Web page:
D-Day on June 6, 1944, was only the beginning of the major assaults that were planned for June against the Nazi regime. President Franklin Roosevelt on June 5, 1944, had addressed the nation, saying:
"My Friends: Yesterday, on June fourth, 1944, Rome fell to American and Allied troops. The first of the Axis capitals is now in our hands. One up and two to go. It is perhaps significant that the first of these capitals to fall should have the longest history of all of them. The story of Rome goes back to the time of the foundations of our civilization. We can still see the monuments of the time when Rome and the Romans controlled the whole of the then known world. That, too, is significant, for the United Nations are determined that in the future, no one city and no one race will be able to control the whole of the world."
In response to a friend's question, "Where were you when the D-Day 'Operation Overlord' took place," the following answer was written by Carl Schlegel.
-- Ruth Moriarity
I was in Rome on D-Day, the sixth of June. Although I did not participate in the D-Day invasion, we fellows in the 3rd Division could relate, because up until then we had engaged in four landings on hostile shores from North Africa to Anzio. It so happened we just had broken out of Anzio a few days before and captured Rome. Several days before the sixth, the company squad leaders were summoned and informed we were going to go on the offensive, with the objective being Rome. After being confined to that hellhole Anzio for four months, we were ready to do anything to get out of there.
We paid a price. I don't remember how many casualties our company had, but we were informed later the division had 900 casualties the first day of fighting, but we were ahead of schedule and we had patrols in Rome on the third day. Hitler had given orders to hold Rome at all costs, but Kesseling, the German commander for the Mediterranean area, to his credit, defied Hitler and declared Rome an open city and withdrew his troops, saving the city from combat destruction. Of course, we were happy to hear this and more good news when we were told the 88th Division fresh from the states would relieve us and pursue the Gerries to the north.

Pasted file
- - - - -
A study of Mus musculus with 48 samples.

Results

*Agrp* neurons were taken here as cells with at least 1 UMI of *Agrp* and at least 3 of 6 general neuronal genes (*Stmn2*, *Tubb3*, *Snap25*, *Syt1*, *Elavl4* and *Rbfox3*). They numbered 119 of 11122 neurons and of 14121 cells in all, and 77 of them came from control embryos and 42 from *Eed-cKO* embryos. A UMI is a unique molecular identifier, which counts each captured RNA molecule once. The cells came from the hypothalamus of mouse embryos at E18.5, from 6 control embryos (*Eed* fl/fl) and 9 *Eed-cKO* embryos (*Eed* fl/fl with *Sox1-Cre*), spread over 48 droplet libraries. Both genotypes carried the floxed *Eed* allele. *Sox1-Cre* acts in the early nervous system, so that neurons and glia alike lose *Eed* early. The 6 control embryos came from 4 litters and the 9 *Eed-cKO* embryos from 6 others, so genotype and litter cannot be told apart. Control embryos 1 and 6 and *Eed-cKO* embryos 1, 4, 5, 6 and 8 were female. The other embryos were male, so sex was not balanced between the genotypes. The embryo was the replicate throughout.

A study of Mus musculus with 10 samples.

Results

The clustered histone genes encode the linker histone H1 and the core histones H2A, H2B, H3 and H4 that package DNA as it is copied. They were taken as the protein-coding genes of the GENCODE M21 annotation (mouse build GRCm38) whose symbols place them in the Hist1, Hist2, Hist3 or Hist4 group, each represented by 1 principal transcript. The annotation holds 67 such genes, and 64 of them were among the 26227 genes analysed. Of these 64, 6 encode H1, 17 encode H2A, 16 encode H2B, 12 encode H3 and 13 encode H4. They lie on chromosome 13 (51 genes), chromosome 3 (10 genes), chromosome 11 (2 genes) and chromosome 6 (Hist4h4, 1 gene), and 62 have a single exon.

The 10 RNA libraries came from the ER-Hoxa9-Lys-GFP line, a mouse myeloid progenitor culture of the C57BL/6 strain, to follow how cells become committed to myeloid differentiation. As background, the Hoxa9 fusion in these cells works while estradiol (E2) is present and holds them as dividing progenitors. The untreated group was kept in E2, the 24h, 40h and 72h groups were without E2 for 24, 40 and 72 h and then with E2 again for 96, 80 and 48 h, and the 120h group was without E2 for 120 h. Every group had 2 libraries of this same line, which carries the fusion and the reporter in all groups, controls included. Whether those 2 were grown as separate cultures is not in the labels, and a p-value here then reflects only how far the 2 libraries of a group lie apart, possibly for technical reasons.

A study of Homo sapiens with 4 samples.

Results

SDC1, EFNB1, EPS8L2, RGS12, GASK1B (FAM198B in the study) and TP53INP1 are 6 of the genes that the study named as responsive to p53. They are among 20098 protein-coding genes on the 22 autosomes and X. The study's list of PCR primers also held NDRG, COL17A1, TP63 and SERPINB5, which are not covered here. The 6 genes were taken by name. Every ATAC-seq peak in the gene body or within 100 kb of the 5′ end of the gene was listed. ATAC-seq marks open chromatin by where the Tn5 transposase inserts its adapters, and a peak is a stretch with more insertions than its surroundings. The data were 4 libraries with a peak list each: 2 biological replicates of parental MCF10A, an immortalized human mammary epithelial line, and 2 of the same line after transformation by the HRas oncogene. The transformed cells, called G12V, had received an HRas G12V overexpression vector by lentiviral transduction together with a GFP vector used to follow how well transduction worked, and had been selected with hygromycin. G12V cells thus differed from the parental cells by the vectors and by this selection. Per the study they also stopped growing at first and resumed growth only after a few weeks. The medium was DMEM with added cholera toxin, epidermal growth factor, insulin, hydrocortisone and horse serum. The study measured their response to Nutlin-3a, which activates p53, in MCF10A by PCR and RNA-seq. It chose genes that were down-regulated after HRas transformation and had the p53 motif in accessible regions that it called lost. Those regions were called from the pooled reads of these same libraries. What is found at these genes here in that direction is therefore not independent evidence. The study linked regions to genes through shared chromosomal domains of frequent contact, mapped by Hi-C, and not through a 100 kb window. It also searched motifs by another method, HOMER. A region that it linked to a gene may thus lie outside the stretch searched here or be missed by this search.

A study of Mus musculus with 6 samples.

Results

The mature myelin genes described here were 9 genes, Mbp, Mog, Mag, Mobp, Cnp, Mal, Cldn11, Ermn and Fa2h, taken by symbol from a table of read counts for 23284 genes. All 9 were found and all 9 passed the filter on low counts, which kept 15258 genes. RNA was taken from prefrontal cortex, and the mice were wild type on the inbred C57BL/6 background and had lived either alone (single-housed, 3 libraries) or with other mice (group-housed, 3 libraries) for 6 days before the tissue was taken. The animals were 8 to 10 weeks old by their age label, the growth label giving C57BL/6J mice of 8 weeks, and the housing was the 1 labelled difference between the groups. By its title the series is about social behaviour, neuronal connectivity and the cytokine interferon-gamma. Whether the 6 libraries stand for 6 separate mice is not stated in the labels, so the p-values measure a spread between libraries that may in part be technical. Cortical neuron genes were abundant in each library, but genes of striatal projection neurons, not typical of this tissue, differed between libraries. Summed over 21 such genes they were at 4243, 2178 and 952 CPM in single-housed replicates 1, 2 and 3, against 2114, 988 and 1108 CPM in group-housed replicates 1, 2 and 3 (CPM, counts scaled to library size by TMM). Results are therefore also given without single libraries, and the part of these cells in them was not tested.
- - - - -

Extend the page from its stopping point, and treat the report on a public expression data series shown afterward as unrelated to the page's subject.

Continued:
We stayed in Rome two weeks and we really ate it up. Service company set up showers, kitchens with three hot meals a day, barber shops and we all were issued new clothing. And unless assigned to security, one was free to visit the interesting points of the city. I really enjoyed the Coliseum.
When we were out of combat, we all could gather around our base radio, which was mounted on a jeep, and listen to BBC and even Berlin radio. So, we got the news over BBC as soon as the invasion of France started. We were glad to hear that perhaps now some of the pressure would be taken off us. But we could relate to the guys making the invasion. So, it was a mixed bag of feelings. We were pleased that, at last, we were getting somewhere, but we felt for our friends who were now in harm's way.
As I said, we were allowed to roam the city, didn't even have to carry a rifle, but did feel uneasy without it. The Catholic boys got an extra perk -- the Pope had informed he would greet them in the Vatican on two days. It is difficult to describe such a change from combat to our life in Rome. I suppose one would refer to it as to have a euphoric condition.
But all of this was tempered by the loss of my best friend on the Anzio beachhead. A recent incident caused me to recall much of the above. Another one of the guys who became a good friend died several days ago, leaving only two of the original guys in the company.
Carl Schlegel lives in Hays with his wife, Darlene. They both grew up in Otis.